With summer around the corner, it’s not too early to make sure that your employee handbook and workplace policies adequately address issues involving interns, seasonal workers, time off and more. To reduce the risk of a lawsuit, here are five types of workplace policies that may need a refresher before summer:
Interns and Seasonal Workers
If an employer uses the help of interns or seasonal workers during the summer, its workplace policies should comply with Fair Labor Standards Act (FLSA) regulations and ensure that these individuals are properly paid and provided with overtime for all hours worked. Employers using the help of under-age interns should also make sure that their policies comply with the laws regarding meal and rest breaks, work permits and hours restrictions for minors.
It’s also important to extend discrimination, harassment and retaliation policies to interns and seasonal workers and maintain a harassment-free workplace. This is especially true in light of recent state and municipal laws making employers specifically liable for discrimination and harassment against interns.
In addition, the determination of whether an individual is a seasonal employee also figures into whether an employer is an “applicable large employer” (ALE) under the Affordable Care Act (ACA) with 50 or more employees.
Dress Code and Grooming
A summer dress code policy is an inexpensive way to improve employee morale and make employees feel more comfortable when warmer weather hits. It is best to specifically indicate what types of clothing will be appropriate (i.e., no flip flops or tank tops). The employer should make sure that employees receive notice of the policy and whether it is in effect every day or only on Fridays.
Similarly, a hygiene and grooming policy can promote good health and a clean image, especially during summer months when it is warm out. Dress code and grooming policies should be applied uniformly unless there is a need for some sort of religious accommodation. Further, an employer may limit the chance of a sexual harassment claim by banning clothing that is too low cut or revealing and inappropriate for the workplace.
Also, keep in mind that dress code and grooming policies imposing an unequal burden on men and women may lead to a sex discrimination claim.
Wages, Hours and Attendance
Wage and hour policies as well as attendance policies should cover issues that may arise during the summer such as those associated with:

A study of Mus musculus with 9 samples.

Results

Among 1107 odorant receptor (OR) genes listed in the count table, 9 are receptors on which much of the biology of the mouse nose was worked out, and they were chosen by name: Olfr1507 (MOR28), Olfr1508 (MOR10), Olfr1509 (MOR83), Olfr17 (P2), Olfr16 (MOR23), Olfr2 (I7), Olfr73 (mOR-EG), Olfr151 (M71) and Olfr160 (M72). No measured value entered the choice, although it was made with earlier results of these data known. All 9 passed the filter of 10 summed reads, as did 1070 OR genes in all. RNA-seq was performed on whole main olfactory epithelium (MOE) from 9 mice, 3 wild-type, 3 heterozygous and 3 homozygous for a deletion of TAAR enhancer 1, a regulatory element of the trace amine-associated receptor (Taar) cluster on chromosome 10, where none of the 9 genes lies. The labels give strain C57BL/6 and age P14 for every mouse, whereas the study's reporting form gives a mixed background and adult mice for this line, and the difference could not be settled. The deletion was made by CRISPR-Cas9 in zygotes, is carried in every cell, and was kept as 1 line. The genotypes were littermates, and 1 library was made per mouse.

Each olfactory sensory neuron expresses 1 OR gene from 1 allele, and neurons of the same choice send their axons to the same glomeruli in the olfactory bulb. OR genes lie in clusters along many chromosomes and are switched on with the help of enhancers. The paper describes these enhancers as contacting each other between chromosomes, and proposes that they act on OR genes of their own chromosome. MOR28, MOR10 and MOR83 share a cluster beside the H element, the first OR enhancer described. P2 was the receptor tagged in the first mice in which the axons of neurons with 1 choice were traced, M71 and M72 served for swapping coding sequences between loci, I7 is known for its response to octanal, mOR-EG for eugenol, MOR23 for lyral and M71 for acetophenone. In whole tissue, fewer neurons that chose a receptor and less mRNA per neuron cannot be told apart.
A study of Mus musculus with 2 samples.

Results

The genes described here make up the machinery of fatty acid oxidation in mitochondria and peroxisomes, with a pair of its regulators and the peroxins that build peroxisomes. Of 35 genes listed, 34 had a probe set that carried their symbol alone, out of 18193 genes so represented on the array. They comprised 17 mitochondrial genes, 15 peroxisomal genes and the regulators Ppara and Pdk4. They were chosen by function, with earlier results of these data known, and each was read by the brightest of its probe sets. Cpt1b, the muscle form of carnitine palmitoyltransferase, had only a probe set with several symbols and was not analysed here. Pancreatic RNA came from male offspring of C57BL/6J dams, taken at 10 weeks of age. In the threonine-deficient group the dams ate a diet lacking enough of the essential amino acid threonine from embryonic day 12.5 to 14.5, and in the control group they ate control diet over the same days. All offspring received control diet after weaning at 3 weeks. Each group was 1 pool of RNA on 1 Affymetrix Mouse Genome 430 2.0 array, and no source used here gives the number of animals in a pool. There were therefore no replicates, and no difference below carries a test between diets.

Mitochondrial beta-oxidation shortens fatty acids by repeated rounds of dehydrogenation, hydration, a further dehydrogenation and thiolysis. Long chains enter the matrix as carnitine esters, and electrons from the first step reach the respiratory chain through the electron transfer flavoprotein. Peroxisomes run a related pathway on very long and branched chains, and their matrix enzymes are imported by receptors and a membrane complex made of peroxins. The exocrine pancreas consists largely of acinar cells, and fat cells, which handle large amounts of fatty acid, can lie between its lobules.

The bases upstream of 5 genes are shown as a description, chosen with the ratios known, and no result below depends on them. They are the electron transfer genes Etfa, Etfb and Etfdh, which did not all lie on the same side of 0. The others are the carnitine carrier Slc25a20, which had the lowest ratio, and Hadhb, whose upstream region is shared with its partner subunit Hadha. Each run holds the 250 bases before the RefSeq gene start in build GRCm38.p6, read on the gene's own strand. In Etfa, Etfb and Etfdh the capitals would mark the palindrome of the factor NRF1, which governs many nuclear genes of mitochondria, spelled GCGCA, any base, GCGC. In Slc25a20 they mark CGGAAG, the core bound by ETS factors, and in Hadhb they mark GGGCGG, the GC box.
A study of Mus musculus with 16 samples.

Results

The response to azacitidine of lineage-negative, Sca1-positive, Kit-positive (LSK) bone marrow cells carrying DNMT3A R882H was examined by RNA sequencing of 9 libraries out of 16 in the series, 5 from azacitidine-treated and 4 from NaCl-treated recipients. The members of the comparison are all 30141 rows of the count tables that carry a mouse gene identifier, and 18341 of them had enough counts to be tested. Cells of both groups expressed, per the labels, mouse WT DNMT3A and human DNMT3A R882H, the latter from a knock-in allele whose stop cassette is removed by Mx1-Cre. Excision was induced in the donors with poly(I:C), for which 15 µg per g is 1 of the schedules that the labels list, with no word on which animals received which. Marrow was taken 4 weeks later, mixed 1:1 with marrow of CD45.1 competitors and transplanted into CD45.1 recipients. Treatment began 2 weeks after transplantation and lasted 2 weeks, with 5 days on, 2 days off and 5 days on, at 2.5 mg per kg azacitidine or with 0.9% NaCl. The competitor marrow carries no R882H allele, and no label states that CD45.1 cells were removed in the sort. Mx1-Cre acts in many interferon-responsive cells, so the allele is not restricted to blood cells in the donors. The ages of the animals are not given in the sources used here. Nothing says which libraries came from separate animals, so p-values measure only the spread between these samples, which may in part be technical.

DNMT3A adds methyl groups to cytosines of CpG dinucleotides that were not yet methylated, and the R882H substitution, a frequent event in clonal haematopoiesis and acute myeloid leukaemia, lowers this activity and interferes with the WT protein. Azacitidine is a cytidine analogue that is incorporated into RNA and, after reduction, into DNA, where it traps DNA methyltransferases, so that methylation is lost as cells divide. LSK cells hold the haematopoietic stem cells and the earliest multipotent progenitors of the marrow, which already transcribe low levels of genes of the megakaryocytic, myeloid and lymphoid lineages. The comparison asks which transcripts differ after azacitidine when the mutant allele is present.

• Employer-sponsored summer events;
• Office outings; and
• Time off.
While company-sponsored summer outings may be a great way to show employees appreciation and encourage camaraderie, employees who are non-exempt for overtime purposes should be compensated for attendance if the outing is after work hours and mandatory. Otherwise, attendance should be voluntary or the event should be held during normal business hours.
Additionally, while an employer may want to consider offering summer Fridays (allowing employees to take all or half of Fridays off to boost morale), it must consider whether an employee is exempt or nonexempt from overtime before docking the employee’s pay for the time off or forcing employees to use vacation days.
An employer should also make sure that its PTO or summer vacation policies are adequately communicated to all employees and applied uniformly.
Health and Safety
When the temperature outside spikes, it is important to maintain policies providing rest and water breaks that protect employee health and safety and prevent various heat-related medical issues (i.e., sunburn, sunstroke, heat stroke heat exhaustion, heat cramps and heat rash).
The Occupational Safety and Health Administration (OSHA) will fine employers who fail to take appropriate measures to protect employees from the heat. Thus, an employer should provide employees and supervisors with relevant policies as well as proper OSHA notices addressing these issues. An employer also may want to consider taking precautions and setting up shaded areas or cooling sites and shutting down during a heat wave where conditions prove too dangerous.
Summer may be a time when employees have a greater interest in telecommuting, working flexible schedules or compressed work weeks in order to spend more time with their family, watch children home during the summer or otherwise improve work/life balance during nicer weather.
However, if an employer permits telecommuting, it should be sure to establish a comprehensive policy requiring employees to record time actually spent working. An employer should also be sure to outline appropriate guidelines and expectations for telecommuting.
What’s the number one summer workplace issue bedeviling your company? Let us know by leaving a comment below.